The Roaming Mantis malware distribution campaign has updated its Android malware to include a DNS changer that alters DNS settings on vulnerable WiFi routers to spread the infection to other devices.
Beginning in September 2022, researchers observed the “Roaming Mantis” credential theft and malware distribution campaign using a new version of the Wroba.o/XLoader Android malware that detects vulnerable WiFi routers based on their model and modifies their DNS.
The malware then creates an HTTP request to hijack the DNS settings of a vulnerable WiFi router, which leads connected devices to be rerouted to malicious web pages hosting phishing forms or the removal of Android malware.
The updated variant of Android malware Wroba.o/XLoader was discovered by Kaspersky researchers, who have been tracking Roaming Mantis activity for years. Kaspersky explains that Roaming Mantis uses DNS hijacking since at least 2018but the new element of the latest campaign is that the malware targets specific routers.
The most recent campaign using this updated malware targets specific WiFi router models used primarily in South Korea. Yet hackers can modify it at any time to include routers commonly used in other countries.
This approach allows threat actors to perform more targeted attacks and only compromise specific users and regions while avoiding detection in all other cases.
Previous Roaming Mantis campaigns targeted users in Japan, Austria, France, Germany, Turkey, Malaysia and India.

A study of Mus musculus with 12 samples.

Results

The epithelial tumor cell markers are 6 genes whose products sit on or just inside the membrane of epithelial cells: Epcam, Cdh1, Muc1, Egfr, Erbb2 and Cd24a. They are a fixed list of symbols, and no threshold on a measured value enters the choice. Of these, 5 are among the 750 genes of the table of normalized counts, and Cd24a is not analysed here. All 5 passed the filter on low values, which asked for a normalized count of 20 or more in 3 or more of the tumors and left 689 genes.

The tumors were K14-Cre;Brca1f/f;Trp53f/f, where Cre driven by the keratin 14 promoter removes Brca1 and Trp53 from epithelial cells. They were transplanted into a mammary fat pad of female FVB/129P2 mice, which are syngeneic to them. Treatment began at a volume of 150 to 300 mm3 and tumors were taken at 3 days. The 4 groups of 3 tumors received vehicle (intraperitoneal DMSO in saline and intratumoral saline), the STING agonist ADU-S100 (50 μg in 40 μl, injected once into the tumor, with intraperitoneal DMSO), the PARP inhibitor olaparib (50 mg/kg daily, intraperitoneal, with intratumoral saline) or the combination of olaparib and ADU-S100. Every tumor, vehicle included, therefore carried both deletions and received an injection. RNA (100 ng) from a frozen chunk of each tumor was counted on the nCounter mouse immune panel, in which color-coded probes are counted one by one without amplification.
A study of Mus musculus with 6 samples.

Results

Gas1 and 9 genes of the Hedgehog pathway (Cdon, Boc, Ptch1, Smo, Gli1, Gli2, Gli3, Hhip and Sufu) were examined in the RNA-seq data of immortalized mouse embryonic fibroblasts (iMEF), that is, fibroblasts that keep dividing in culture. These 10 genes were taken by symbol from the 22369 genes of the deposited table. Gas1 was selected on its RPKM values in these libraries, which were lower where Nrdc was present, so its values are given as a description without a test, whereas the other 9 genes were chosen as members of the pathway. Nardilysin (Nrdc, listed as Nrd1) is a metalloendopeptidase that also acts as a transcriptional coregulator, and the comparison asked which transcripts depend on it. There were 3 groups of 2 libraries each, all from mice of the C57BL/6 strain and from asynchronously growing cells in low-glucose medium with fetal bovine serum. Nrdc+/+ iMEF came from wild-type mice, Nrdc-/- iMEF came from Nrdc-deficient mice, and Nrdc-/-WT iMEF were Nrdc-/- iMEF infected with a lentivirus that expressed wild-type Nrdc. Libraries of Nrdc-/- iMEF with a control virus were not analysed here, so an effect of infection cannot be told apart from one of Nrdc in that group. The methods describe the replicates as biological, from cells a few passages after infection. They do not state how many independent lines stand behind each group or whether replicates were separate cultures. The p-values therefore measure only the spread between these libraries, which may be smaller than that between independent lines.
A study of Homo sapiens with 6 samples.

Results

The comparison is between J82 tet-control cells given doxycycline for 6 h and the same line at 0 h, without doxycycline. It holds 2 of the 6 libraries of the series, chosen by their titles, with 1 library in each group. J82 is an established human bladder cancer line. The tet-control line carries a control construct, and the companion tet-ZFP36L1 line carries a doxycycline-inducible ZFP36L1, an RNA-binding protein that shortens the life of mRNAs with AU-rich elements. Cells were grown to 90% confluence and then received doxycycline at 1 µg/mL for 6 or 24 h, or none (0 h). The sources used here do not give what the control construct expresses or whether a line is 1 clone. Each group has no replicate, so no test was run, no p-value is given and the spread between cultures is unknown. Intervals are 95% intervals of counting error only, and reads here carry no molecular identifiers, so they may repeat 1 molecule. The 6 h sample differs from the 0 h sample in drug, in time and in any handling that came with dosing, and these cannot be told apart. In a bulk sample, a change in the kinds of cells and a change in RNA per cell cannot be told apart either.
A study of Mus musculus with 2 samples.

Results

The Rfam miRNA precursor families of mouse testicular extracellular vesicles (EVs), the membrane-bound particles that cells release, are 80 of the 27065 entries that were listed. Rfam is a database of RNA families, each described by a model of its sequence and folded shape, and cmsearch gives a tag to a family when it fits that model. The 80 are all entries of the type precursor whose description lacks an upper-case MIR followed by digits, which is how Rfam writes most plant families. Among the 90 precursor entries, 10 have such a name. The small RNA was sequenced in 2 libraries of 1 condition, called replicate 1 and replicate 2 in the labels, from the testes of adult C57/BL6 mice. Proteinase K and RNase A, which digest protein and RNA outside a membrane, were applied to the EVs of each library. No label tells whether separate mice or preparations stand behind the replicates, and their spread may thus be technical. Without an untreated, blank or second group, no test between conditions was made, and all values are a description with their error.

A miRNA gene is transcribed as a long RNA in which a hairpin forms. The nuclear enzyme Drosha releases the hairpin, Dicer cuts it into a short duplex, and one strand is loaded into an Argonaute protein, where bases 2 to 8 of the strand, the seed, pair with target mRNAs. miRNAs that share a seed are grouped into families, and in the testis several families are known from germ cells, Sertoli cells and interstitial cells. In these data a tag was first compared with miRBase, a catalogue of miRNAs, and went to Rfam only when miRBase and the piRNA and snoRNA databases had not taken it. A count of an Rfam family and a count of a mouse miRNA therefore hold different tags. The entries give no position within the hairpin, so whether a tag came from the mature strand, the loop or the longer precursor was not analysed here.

A New Router DNS Changer
The latest Roaming Mantis campaigns use phishing (smishing) text messages to direct targets to a malicious website.
If user’s mobile device is Android then it will prompt user to install malicious Android APK which is Wroba.o/XLoader malware. The landing page will instead redirect iOS users to a phishing page that attempts to steal credentials.
Once the XLoader malware is installed on the victim’s Android device, it obtains the default gateway IP address of the connected WiFi router. Then it tries to access the administrator web interface using a default password to find out the device model.
XLoader now offers 113 hardcoded strings used to detect specific WiFi router models, and if there is a match, the malware performs the DNS hijacking step by modifying the router settings.
Kaspersky says the DNS Changer uses the default credentials (admin/admin) to access the router and then changes the DNS settings using different methods depending on the detected pattern.
Analysts also explain that the DNS server used by Roaming Mantis only resolves certain domain names to specific landing pages when accessed from a mobile device, which is likely a tactic to hide from security researchers.
Spread of infection
With the DNS settings of the router now changed, when other Android devices connect to the WiFi network, they will be redirected to the malicious landing page and prompted to install the malware.
This creates a continuous stream of infected devices to further breach clean Wi-Fi routers in public networks that serve large numbers of people in the country.
Kaspersky warns that this possibility gives the Roaming Mantis campaign a “deliberately unleashed” characteristic, letting the malware spread without tight control.
Although there are no landing pages for US-based targets and Roaming Mantis does not appear to actively target router models used in the country, Kaspersky telemetry shows that 10% of all XLoader victims are in the United States.
Users can protect themselves from Roaming Mantis campaigns by avoiding clicking on links received by SMS. However, more importantly, avoid installing APKs outside of Google Play.